For anyone who loves the Raspberry Pi (I’d imagine everyone does), one of the greatest pain points during the use of it is related in one way or the other to Powering the Pi. From being able to find the right power supply for it, to be able to perform simple actions like resetting the Pi when things get “frozen”, without totally disconnecting it from power. The later can be quite annoying as the use of certain software fixes sometimes doesn’t work. To solve this problem, Sequent Microsystems recently announced the launch of a Hardware Watchdog HAT which is designed to protect the Raspberry Pi from software freezes and also doubling as a power manager for the Raspberry Pi.
The Hardware Watchdog HAT and Power Manager which comes pin-compatible with all Raspberry Pis with the (now, almost standard) 40-pin connector, features a pair of power connectors including a micro USB port located at the top of the board, and a 2.1mm barrel jack at the bottom. According to Sequent, these ports are to be used to provide power to the raspberry pi and connected peripherals. This means that for the hat to be effective, power must be supplied through the ports on it rather than through the raspberry pi’s USB input. The reason for this is that:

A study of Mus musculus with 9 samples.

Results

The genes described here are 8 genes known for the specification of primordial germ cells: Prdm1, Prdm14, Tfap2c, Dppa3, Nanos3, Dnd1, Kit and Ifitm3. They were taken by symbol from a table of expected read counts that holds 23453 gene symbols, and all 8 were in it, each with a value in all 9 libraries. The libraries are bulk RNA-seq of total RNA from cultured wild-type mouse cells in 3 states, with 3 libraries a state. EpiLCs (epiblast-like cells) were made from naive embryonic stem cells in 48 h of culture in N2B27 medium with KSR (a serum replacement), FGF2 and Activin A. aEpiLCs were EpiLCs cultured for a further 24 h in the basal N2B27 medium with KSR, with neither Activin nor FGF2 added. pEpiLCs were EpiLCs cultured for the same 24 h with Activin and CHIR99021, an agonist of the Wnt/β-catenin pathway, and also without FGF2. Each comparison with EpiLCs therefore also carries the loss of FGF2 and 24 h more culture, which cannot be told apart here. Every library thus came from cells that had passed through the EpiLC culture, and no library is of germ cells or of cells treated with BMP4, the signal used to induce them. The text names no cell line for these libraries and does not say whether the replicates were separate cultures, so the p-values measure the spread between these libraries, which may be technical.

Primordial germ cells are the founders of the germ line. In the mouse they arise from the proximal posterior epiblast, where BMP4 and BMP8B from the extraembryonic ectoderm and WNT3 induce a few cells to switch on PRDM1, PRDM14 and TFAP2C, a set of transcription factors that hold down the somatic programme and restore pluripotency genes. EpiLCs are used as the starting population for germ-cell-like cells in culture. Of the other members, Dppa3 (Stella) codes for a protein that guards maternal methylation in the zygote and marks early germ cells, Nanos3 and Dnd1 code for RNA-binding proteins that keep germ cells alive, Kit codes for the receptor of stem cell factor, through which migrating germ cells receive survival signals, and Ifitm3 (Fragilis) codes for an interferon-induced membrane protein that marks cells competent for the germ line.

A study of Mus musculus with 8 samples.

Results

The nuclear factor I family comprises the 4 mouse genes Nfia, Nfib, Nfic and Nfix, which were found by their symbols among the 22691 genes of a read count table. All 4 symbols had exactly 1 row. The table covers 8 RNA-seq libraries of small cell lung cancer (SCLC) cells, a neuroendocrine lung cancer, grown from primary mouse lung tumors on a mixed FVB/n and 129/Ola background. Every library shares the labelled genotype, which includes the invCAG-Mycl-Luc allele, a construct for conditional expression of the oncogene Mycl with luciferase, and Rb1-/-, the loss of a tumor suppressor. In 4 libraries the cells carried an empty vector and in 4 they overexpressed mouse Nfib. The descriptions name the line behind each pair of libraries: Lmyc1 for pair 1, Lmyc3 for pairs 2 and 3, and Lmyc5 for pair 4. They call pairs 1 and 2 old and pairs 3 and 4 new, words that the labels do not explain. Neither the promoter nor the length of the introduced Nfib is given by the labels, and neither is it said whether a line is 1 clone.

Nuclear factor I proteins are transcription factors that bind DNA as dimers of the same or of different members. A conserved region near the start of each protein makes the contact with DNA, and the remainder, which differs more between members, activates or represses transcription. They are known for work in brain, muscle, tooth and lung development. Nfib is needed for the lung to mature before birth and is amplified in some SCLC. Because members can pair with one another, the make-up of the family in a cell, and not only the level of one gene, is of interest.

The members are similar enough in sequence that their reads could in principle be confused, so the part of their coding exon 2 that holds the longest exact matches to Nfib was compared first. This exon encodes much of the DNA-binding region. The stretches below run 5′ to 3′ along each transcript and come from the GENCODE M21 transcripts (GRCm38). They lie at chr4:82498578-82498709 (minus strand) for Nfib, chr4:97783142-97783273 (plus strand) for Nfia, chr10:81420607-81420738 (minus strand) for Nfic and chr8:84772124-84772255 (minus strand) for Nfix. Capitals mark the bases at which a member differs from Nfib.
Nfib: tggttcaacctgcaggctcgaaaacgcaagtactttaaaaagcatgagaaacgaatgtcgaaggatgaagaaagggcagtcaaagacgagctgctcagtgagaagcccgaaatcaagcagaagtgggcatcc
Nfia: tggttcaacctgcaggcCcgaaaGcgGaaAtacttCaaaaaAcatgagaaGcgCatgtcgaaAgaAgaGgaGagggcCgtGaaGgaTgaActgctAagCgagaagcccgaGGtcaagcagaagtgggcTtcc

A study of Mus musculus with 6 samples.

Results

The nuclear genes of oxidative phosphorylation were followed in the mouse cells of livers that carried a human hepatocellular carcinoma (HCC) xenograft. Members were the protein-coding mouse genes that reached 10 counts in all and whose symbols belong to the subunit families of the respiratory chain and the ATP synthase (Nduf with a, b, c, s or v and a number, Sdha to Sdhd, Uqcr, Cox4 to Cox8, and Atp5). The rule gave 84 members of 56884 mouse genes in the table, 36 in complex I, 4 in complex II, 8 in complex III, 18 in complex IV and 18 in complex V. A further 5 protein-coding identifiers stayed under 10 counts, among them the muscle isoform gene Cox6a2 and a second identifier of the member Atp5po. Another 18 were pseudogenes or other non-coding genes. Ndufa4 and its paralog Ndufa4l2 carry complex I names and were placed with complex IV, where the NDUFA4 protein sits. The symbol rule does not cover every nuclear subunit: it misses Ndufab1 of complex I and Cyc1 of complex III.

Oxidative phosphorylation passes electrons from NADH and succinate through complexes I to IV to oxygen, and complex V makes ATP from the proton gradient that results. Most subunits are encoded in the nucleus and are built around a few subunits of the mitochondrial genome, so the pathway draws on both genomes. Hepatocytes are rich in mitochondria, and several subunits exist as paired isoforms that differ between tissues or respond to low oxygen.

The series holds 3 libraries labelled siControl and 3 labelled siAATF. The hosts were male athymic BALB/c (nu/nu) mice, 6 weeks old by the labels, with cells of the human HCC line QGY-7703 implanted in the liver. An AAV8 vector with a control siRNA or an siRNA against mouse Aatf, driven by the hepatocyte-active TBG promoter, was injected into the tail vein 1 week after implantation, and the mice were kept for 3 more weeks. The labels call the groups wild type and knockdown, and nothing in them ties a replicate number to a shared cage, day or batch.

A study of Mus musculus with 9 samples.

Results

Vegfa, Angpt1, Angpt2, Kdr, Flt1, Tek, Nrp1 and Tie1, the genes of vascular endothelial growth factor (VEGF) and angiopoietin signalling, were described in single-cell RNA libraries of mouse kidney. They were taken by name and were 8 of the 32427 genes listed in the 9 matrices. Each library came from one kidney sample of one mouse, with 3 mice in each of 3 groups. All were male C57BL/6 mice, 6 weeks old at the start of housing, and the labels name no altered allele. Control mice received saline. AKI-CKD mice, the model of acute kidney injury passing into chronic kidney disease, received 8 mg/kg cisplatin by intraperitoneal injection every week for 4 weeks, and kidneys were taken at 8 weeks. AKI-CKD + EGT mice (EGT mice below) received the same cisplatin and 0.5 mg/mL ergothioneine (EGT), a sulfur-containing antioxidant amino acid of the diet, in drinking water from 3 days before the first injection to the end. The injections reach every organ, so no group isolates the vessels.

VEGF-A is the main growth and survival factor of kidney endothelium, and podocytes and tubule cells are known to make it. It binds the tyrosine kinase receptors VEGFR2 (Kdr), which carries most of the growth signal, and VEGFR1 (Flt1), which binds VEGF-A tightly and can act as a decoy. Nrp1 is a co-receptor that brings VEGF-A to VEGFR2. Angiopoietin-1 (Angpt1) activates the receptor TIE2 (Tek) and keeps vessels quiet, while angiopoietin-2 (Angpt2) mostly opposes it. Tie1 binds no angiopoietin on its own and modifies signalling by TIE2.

Since the watchdog can interrupt the power supply to the Raspberry Pi, the supply source needs to be connected to the watchdog”.
The watchdog becomes operational immediately after the Raspberry Pi’s power-up and unless it receives a reset, after 120 seconds, it will cycle the Raspberry Pi power. The watchdog reset is achieved by either sending a command from a memory-resident script or via a Cron job through the I2C port of the Pi or by toggling a GPIO pin. Detailed usage procedure and examples are provided in the User’s Guide.
As mentioned earlier, asides from ensuring the software freezes are not experienced by the Pi, the watchdog also works as a power manager. With this feature, users can program the Raspberry Pi to shut itself down at a scheduled time and program the watchdog to power the Pi up at a later time. This is particularly useful in a portable installation where the Raspberry Pi is powered by batteries, as the watchdog will let you check the power supply voltage, and you can decide to shut down when the level drops below a set value.